The Department of the Interior (DOI) recently released M-37050: The Migratory Bird Treaty Act Does Not Prohibit Incidental Take, formally defining its position that the penalties for pursuing, hunting, taking, capturing, killing, or attempting to do the same apply only to intentional actions, and do NOT apply to incidental or accidental take of migratory birds. M-37050 permanently withdraws and replaces M-37041 Incidental Take Prohibited Under the Migratory Bird Treaty Act, which means project developers no longer face the threat of prosecution for accidentally killing migratory birds during tree-clearing or construction.
DOI is effectively stating that there is no legal standing to prosecute incidental take under the MBTA, and is requiring the U.S. Fish & Wildlife Service (USFWS) to stop regulating incidental take of migratory birds. In addition to removing the threat of prosecution for incidental take, this change allows project developers to avoid the delays typically associated with avoiding migratory birds and their nests, such as time of year restrictions on tree clearing. By issuing this opinion, DOI clarifies the position of the current Administration that “Interpreting the MBTA to criminalize incidental takings raises serious due process concerns and is contrary to the fundamental principle that ambiguity in criminal statutes must be resolved in favor of defendants.”
Note that both the current M-37050 and prior M-37041 are interpretations of the same United States Federal Law defined in Title 16 of the United States Code, sections 703-712 – therefore these interpretations are only policy, not law. Enforcement of MBTA policy has historically been scattered, with no uniform enforcement for incidental take or time of year restrictions.
History & Intent of Migratory Bird Protections
As the MBTA evolved from the Lacey Act of 1900, to the Weeks-McLean Law, then the Migratory Bird Treaty Act of 1918, and finally through several variations to its current state today, the issue of incidental take under these agreements has been the subject of debate and of dissenting opinions throughout Circuit Courts and Courts of Appeals. In support of its current opinion, the DOI memo cites the historical context and original intent of the treaty at the turn of the 19th century – which was to protect migratory bird populations from being devastated by commercial hunting.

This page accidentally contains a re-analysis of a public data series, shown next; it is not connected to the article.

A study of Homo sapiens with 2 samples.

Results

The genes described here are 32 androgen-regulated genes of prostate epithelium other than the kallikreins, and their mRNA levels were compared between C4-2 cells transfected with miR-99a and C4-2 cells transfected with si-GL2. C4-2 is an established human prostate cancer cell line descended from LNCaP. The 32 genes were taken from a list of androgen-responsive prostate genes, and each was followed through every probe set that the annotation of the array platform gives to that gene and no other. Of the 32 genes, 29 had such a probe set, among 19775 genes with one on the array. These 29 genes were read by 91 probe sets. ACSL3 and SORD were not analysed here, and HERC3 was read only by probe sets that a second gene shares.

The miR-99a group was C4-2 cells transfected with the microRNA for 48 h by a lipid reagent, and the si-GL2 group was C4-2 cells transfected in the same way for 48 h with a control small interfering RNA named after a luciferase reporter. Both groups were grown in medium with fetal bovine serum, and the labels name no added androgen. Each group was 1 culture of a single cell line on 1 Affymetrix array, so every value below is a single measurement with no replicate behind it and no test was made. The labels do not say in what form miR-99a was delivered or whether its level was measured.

In addition to discussing this history, the DOI memo also lays out further support for a limited interpretation of MBTA, identifies the Constitutional problems that arise from attempting to enforce vague laws, and highlights the potentially unlimited scope of liability that would accompany broader interpretation of the treaty. For example – according to the USFWS, cats are the “top human-caused threat to birds”, killing an estimated 2.4 billion birds per year. A broad interpretation of the MBTA that lumps incidental take together with the intentional and purposeful take of migratory birds that the treaty prohibits, has the potential to turn cat-owners into criminals by making such feline incidental take a misdemeanor crime!
Questions about the MBTA?
Stay tuned for updates as we follow the implementation of this opinion throughout related agencies such as the USFWS!